The Bush administration defends its “new formula” for the Section 8 Housing Choice Voucher Program by saying the new “dollar-based,” or “block grant” approach gives public housing authorities the flexibility to “adjust the program to the unique and changing needs of their community.”
Yesterday’s Providence Journal runs down how that new formula will affect one local community, Providence, Rhode Island:
“Last fiscal year, the Providence Housing Authroity issued 2,164 housing vouchers to its clients. The vouchers provided an average of $548 in rental assistance, or $14.2 million in reimbursement, according to Donna DeLaRosa of the housing authority.
Under the new formula, the vouchers will be worth an average $497 per household, which means the Housing Authority will serve only 1,895 households, O’Rourke said. The estimated reimbursement the PHA will receive from HUD for the next fiscal year will be about $12.4, million, which represents a decrease of about $1.8 million.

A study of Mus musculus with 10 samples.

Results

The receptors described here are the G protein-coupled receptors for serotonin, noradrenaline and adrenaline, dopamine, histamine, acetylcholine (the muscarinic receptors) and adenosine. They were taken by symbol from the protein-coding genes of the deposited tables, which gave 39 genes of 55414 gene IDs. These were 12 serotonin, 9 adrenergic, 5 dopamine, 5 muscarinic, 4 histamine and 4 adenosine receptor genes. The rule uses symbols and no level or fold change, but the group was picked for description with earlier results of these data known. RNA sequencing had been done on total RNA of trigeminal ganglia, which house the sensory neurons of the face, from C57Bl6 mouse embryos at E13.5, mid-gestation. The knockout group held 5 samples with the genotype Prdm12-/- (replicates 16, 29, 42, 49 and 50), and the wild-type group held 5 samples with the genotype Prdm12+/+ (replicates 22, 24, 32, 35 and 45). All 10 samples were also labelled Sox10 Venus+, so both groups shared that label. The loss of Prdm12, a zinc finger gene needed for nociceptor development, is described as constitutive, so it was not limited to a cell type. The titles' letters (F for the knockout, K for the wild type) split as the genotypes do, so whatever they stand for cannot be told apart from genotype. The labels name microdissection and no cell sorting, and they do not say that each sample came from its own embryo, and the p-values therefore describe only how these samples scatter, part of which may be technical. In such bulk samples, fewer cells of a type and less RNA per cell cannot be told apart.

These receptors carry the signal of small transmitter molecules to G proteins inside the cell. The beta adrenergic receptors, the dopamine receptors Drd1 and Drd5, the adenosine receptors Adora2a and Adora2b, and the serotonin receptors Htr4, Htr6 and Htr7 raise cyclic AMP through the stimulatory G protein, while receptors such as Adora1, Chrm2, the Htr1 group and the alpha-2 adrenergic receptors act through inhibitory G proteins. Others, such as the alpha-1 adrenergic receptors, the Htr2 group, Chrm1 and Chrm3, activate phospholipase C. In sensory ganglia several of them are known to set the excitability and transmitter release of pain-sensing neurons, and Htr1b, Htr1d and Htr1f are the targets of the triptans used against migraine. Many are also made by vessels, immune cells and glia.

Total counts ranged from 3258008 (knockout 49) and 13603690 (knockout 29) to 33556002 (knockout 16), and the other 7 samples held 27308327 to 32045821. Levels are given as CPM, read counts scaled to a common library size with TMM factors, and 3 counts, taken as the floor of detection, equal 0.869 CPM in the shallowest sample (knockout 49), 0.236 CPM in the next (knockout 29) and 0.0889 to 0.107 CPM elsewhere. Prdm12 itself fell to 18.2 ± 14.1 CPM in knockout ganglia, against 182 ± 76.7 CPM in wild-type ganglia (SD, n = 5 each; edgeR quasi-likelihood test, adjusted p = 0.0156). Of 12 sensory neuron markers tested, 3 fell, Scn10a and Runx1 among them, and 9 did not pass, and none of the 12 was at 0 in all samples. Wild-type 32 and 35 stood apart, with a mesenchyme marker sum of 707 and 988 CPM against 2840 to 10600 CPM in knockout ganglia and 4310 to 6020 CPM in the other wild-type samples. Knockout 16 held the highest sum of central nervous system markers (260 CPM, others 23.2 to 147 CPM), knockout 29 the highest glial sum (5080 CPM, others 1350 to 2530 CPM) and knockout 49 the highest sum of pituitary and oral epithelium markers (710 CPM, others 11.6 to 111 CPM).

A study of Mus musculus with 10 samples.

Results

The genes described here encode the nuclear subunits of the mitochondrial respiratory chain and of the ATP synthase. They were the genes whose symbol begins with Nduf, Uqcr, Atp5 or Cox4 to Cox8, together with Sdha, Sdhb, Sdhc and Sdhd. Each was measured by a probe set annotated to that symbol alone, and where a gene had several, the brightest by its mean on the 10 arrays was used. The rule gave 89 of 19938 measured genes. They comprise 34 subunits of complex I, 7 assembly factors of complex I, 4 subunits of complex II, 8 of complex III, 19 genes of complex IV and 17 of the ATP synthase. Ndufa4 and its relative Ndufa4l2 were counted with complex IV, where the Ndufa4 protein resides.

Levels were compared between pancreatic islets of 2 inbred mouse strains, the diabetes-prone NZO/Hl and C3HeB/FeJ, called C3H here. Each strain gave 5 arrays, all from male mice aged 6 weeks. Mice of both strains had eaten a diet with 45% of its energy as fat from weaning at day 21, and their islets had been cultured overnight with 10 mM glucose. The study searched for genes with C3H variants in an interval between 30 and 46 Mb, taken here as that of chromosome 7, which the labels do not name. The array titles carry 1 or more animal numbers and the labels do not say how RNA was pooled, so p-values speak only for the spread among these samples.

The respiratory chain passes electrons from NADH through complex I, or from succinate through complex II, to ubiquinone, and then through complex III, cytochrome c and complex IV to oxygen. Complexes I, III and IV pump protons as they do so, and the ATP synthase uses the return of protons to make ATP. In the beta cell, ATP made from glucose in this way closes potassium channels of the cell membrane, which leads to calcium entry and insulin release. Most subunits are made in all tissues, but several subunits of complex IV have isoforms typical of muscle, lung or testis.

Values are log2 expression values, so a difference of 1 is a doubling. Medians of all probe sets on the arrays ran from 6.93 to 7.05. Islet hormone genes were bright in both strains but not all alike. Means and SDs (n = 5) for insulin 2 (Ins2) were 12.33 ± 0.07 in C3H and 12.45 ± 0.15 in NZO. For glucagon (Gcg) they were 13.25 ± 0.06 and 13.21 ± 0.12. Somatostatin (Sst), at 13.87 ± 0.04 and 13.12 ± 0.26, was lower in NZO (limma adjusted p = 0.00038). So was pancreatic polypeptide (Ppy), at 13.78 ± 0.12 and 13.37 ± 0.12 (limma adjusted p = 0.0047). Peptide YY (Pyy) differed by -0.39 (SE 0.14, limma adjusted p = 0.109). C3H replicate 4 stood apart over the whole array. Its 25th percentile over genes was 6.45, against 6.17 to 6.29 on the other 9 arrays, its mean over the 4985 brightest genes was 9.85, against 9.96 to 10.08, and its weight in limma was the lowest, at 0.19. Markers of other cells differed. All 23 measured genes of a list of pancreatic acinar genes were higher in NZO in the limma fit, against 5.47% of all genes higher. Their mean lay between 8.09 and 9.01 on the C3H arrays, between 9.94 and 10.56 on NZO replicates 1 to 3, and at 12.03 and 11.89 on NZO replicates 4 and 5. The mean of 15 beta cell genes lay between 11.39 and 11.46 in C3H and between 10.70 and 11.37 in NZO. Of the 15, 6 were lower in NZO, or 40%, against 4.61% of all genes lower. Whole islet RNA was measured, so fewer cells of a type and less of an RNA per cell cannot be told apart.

The change will eliminate 269 vouchers, officials estimate.”
The point here is that the new formula does just the opposite of what the White House says it does. It actually prevents PHA’s from responding to their community’s “unique and changing” needs. In Providence, both rent for housing and demand for vouchers are “on the rise.” Under the old formula, the federal government would reimburse the city for actual amounts paid in Section 8 leases. But the “new formula” (which actually went partially into affect as part of a 2005 Consolidated Appropriations Act) has forced the PHA to do two things: lower its average reimbursement and cut the number of overall vouchers.
An argument about the virtues of “block grants” would be relevant only if the money included in the grant was similar to what would be needed to fulfill even existing Section 8 commitments. But for the Bush administration, a “’block grant” is “simply a cut by another name.”